Small cap value stocks

From an interesting public article on Market Watch

If it makes good sense to invest in value stocks (it does), and if it makes good sense to invest in small-cap stocks (it does), why not combine the two and invest in small-cap value stocks? Based on 87 years of performance data, it’s a sound strategy. In fact, small-cap value stocks have (in the long run) far outperformed large-cap blend stocks, large-cap value stocks and small-cap blend stocks.

In the long run, small-cap value is the undisputed champion of these four major asset classes. But the operative phrase there is “in the long run.” Over shorter time periods, small-cap value stocks can be disappointing.

Some numbers: From 1928 through 2014, U.S. small-cap value stocks turned in a compound annual return of 13.6% (compared with 9.8% for the Standard & Poor’s 500.

At 13.6%, an investment of $1000 in small cap value stocks would have grown to more than $65.0 million over those 87 years (compared with slightly less than $3.5 million for the S&P 500).

However, investors don’t actually achieve average returns. They get real returns, one year at a time.

In its best year, 1933, the small-cap value index was up 125.2%. (Pretty amazing for the middle of the Great Depression.) But only two years earlier, this asset class suffered a loss of 54.7%. I imagine that was bad enough to discourage all but the hardiest of investors. So it’s a safe bet that a lot of people who understood the theoretical merits of small-cap value investing had their money (what was left of it) somewhere else in 1933. Too bad……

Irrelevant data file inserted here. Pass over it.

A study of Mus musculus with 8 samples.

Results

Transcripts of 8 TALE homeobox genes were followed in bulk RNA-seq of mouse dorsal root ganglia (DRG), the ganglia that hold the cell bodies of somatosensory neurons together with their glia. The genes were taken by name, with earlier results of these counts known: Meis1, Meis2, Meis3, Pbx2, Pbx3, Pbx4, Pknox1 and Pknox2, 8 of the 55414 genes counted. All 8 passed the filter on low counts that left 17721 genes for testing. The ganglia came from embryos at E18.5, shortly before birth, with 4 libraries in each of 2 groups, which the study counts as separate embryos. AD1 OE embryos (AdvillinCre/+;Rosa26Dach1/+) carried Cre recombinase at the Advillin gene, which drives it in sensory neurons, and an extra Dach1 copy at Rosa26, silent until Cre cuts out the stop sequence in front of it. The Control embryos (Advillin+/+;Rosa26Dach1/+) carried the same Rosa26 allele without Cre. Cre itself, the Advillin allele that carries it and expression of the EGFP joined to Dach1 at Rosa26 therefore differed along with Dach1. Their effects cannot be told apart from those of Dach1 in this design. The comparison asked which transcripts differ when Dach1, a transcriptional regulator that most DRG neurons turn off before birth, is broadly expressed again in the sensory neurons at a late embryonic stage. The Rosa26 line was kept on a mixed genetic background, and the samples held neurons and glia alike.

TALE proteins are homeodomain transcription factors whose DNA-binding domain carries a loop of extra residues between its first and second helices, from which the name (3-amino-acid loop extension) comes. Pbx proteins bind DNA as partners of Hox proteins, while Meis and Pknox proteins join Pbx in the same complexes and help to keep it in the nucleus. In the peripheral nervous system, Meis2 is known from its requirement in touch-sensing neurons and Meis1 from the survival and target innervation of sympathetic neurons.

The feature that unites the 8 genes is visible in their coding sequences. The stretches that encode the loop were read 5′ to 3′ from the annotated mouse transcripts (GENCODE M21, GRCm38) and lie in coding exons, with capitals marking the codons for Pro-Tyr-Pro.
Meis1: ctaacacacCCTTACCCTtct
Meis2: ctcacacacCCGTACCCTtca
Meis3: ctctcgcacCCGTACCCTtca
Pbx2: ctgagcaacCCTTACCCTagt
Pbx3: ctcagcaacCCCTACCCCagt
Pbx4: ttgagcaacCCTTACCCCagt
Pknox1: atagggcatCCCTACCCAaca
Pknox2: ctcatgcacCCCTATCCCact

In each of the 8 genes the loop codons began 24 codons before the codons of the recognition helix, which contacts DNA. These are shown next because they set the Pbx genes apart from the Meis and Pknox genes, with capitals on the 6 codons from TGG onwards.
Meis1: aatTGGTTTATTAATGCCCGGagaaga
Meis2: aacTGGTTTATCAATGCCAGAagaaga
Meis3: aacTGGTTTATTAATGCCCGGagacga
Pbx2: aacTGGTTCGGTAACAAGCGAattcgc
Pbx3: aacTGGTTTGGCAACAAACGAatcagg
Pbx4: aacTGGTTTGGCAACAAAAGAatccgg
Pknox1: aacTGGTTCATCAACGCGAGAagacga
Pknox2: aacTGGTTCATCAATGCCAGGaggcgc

At 13.6%, an investment of $1000 in small cap value stocks would have grown to more than $65.0 million over those 87 years (compared with slightly less than $3.5 million for the S&P 500).

Do you know anyone who has bought $1000 worth of a small cap value stock and held it for 87 years? If he bought it at 18 he would be 105 years old. That’s the age that my next door neighbor Marcel died at.

A fast growing small cap won’t stay small cap for long so you have to rotate your small caps. Also, no one small cap comes with a money back guarantee. My guess is that for the one that outperforms three lag or crash altogether. I wonder if the statistic touted in the article made adequate provision for survival bias. One criticism I’ve heard of small cap statistics is that they were actually relying on large caps that had shrunk to small caps after the 1929 crash.

One of the fastest growing companies of the past decade has been the largest cap of them all.

No, I have nothing against small caps, I have quite a few in my portfolio. My beef is the very same as for advice based on what the market is doing, it’s irrelevant, you have to buy your stocks one by one.

Denny Schlesinger


So, the moral of the story is: get in, diversify, study, and keep on.

Run like a hare and a tortoise, while watching like a hawk and being faithful as a turtle dove.

Someone other than Shakespeare


Small cap value stocks-- just buy VBR.
Especially as an addition to SPY .

Take a look at POAGX. Mid cap growth but great returns.

Fool on,

what about VIOV for smalls
in addition to
RPG for bigs

TDA shows POAGX as closed to new investors. Looks like it’s been closed for more than a year.